A servicing agreement is a legal agreement between a property owner and the municipality to extend or modify municipal services within the municipal road allowance in order for a site to be developed.
Servicing agreements are typically required where a property does not have direct access to a required municipal service such as a sanitary sewer, storm sewer, watermain or opened municipal roadway.
Typically, a servicing agreement is used to ensure the proper implementation and construction of municipal services within the municipal roadway according to city and provincial standards.
Prior to application, one of the first steps in the development process for any potential project is to contact the local authority to gather information about land use regulations and the availability of municipal services.
The developer's consultants/engineers will review the information, make any additional inquiries, prepare a preliminary design proposal for the developer and identify any possible development constraints. During this point in the development process, the feasibility of extending municipal services will be examined and the appropriate authority contacted. Municipal services normally include sanitary sewers, watermains, storm sewers, roads and accesses to municipal roads.
To start the process, a letter is required from the developer/owner requesting to enter into a servicing agreement with the City for the purpose of developing a site. Payment of the appropriate fee as per the current City schedule of rates and fees is also required. As part of the submission, the applicant shall provide drawings prepared and stamped by a Professional Engineer registered in Ontario.
City engineering staff will review the drawings and request any additional information and/or revisions as necessary.
Once the drawings are acceptable to the City Engineer, the applicant will be advised to obtain any additional approvals from outside agencies, such as the Ministry of Transportation, Ministry of the Environment, Niagara Region, Niagara Peninsula Conservation Authority, Niagara Escarpment Commission, etc.
The applicant shall provide a cost estimate for the proposed works.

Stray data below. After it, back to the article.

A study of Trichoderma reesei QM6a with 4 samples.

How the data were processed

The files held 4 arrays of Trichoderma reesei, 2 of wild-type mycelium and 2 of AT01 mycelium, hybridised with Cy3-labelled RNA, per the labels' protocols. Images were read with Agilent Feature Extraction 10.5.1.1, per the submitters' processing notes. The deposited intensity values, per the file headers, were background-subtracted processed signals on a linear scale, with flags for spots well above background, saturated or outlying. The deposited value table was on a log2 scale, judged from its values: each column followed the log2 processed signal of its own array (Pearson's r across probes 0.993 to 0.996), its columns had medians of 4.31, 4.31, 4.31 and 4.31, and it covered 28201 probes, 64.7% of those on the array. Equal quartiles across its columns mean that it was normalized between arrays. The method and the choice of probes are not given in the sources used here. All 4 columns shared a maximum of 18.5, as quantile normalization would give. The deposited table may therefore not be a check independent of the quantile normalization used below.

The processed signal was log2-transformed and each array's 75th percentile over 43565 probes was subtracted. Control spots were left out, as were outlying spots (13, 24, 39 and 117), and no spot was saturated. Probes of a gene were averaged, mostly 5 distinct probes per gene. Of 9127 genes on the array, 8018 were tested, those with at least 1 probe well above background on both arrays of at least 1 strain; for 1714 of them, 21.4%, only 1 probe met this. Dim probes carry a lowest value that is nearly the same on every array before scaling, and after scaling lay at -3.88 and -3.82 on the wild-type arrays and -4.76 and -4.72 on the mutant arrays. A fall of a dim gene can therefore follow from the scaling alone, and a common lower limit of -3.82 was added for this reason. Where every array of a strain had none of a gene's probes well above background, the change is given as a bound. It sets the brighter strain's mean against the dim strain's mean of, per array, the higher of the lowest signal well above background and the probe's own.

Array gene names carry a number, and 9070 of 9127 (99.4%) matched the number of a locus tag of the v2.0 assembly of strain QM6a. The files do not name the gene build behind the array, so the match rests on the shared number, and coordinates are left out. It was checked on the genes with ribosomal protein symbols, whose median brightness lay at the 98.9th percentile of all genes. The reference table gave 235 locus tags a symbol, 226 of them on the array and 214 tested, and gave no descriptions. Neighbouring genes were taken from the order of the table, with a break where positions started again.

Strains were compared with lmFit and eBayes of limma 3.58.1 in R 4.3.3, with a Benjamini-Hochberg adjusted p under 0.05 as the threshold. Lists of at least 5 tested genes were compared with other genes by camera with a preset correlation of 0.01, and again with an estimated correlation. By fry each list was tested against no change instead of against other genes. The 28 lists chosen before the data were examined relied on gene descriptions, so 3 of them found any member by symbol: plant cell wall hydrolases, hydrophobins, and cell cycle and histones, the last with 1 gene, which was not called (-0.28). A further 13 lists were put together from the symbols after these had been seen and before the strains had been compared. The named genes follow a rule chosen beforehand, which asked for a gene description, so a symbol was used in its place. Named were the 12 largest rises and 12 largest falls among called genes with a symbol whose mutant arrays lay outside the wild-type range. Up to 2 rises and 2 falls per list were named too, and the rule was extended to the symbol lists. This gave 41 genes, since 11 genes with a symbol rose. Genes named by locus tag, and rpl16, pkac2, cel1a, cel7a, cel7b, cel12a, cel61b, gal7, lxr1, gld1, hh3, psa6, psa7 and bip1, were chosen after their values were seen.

A draft agreement will be prepared by City staff and forwarded to the applicant for review and endorsement.
Once the servicing agreement is signed and appropriate approvals, securities and inspection fee amounts received, the agreement will be presented to City council for approval. City legal staff will then register the agreement on title.
Before construction begins, a pre-construction meeting is held with City staff, the developer/owner, agent, developer's consultants/engineers and contractor.
After the construction is completed to the satisfaction of the City Engineer, consideration to release the securities can begin.
Securities and inspection deposit amounts will be determined by the City based on the cost estimate and scope of work.
As per the Construction Lieu Act, after 45 days from completion and the receipt of a statutory declaration, the amount of securities held in this regard may be released.
Once the project is completed to the satisfaction of the City Engineer, including all reinstatement works, securities will be held for a one-year maintenance period, starting the day of completion.
The inspection deposit account will be balanced, any surplus amounts will be refunded and any outstanding amounts shall be paid to the City before the security amount will be released.
After the one-year maintenance period has expired, the project will be re-inspected and the remaining securities released upon acceptance by the City Engineer.
The above procedure is an example of the steps involved in a typical servicing agreement and can change depending on the type and scope of the project.